What is fuzzing?
Fuzzing or fuzz testing is an automated software technique that involves providing semi-random data as input to the test program in order to uncover bugs and crashes. In this short tutorial we will discuss cargo-fuzz.
Why fuzz Rust code?
Rust is a safe language (mostly) and memory corruption issues are a thing of the past so we don’t need to fuzz our code, right? wrong:). Any code where stability quality and coverage are important is usually worth fuzzing. Also fuzzing can uncover logical bugs and Denial-of-service where in critical components can lead to security issues as well.
As a reference to almost infinite amount of bugs found with cargo-fuzz (only the documented one) you can look here. Also, you can check-out our previous discussion on why to fuzz go which is also a safe language.
cargo-fuzz is the current de-facto standard fuzzer for rust and essentially it is just a proxy layer to the well tested libFuzzer engine. This means the algorithm and the interface is all based on libFuzzer which wildly-used coverage guided fuzzer for c/c++ and some other languages that implemented a proxy layer just like cargo-fuzz.
libFuzzer (cargo-fuzz) and coverage-guided fuzzers in general have the following algorithm:
Building & Running
If you are already familiar with this part you can skip to Continuous Fuzzing section.
we will use https://github.com/fuzzitdev/example-rust as a simple example.
For the sake of the example we have a simple function with an off-by-one bug:
our fuzz function will look like this and will be called by libFuzzer in an infinite loop with the generated data according to the coverage-guided algorithm.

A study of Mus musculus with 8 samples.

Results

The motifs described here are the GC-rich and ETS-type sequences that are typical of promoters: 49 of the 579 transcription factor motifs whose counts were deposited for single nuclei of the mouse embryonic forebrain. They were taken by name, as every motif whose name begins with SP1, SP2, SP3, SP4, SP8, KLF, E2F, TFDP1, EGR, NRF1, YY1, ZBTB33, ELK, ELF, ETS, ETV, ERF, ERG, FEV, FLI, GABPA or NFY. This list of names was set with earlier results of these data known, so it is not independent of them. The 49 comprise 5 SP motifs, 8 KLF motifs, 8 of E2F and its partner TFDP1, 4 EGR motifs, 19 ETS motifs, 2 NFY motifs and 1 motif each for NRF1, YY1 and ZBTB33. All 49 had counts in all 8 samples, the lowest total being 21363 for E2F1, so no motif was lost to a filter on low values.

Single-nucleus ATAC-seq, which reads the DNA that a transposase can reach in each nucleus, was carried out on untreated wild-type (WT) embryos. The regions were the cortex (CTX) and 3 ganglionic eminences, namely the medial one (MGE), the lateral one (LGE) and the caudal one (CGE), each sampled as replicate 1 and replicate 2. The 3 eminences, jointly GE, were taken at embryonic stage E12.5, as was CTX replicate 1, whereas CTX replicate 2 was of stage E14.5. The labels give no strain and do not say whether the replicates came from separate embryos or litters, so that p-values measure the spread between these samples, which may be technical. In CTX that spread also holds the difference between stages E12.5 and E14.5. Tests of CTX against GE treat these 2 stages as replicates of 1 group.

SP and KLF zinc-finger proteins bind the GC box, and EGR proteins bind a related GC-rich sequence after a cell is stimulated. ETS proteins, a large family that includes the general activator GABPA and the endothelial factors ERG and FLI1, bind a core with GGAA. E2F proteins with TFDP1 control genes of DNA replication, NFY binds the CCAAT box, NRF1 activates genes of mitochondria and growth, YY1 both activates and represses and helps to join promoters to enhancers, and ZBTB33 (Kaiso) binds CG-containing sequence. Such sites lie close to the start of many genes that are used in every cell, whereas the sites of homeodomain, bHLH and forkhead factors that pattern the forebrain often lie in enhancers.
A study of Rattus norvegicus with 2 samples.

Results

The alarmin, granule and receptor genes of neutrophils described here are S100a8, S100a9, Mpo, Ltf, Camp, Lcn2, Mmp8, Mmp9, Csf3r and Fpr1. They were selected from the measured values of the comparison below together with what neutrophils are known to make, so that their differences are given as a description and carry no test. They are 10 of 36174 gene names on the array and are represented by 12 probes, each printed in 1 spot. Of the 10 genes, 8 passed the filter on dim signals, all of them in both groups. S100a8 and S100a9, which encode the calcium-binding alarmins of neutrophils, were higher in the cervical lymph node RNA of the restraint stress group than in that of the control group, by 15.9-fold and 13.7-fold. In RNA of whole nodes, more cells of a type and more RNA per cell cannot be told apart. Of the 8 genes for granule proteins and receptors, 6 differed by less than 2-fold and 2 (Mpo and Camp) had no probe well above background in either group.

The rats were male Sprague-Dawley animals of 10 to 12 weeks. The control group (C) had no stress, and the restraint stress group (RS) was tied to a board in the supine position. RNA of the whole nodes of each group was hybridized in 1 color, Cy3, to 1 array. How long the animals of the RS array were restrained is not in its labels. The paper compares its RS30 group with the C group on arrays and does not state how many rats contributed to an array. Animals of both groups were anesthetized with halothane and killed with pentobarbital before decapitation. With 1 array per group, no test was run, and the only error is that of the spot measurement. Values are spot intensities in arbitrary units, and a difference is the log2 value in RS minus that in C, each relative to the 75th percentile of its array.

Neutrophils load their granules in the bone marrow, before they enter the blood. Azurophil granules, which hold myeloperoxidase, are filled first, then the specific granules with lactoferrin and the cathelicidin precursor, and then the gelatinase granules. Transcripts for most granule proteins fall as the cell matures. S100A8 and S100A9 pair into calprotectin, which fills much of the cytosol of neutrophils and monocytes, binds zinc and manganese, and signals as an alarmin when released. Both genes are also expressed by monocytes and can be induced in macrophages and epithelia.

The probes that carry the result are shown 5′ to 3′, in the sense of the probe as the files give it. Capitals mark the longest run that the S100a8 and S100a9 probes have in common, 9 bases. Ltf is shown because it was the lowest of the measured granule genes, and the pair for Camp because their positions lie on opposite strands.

To run the fuzzer we need to build an instrumented version of the code together with the fuzz function. cargo-fuzz is doing for us the heavy lifting so it can be done with the following simple steps:
This find the bug in a few seconds, prints the “FUZZI” string that triggers the vulnerability and saves it to a file.
From our experience integrating continuous fuzzing into OSS projects we believe the following two workflows brings the most value:
The fuzzing workflow helps find new bugs, generate new test-cases and guarantee that your most recent version of the code was fuzzed.
The regression workflow helps validate pull-requests and find bugs before merging. Essentially adding another (free!) layer of unit-tests.
Now let’s look at a concrete example of how .travis.yml looks like though the same logic can be implemented in any CI (Circle,GithubActions, Jenkins, etc…)
in .travis.yml you can see exactly the two workflows:
- fuzzing – which builds the fuzzers and uploads them to fuzzit so they can run asynchrounsly without blocking the CI.
- local regression – which run the fuzzers through all generated test-cases and the fixed crashes inline in your CI so it will fail the CI and immediately notify about the bugs.
Fuzzing is a great way to improve your code. Wanna join the fuzzing revolution? try out fuzzit for free for your OSS project.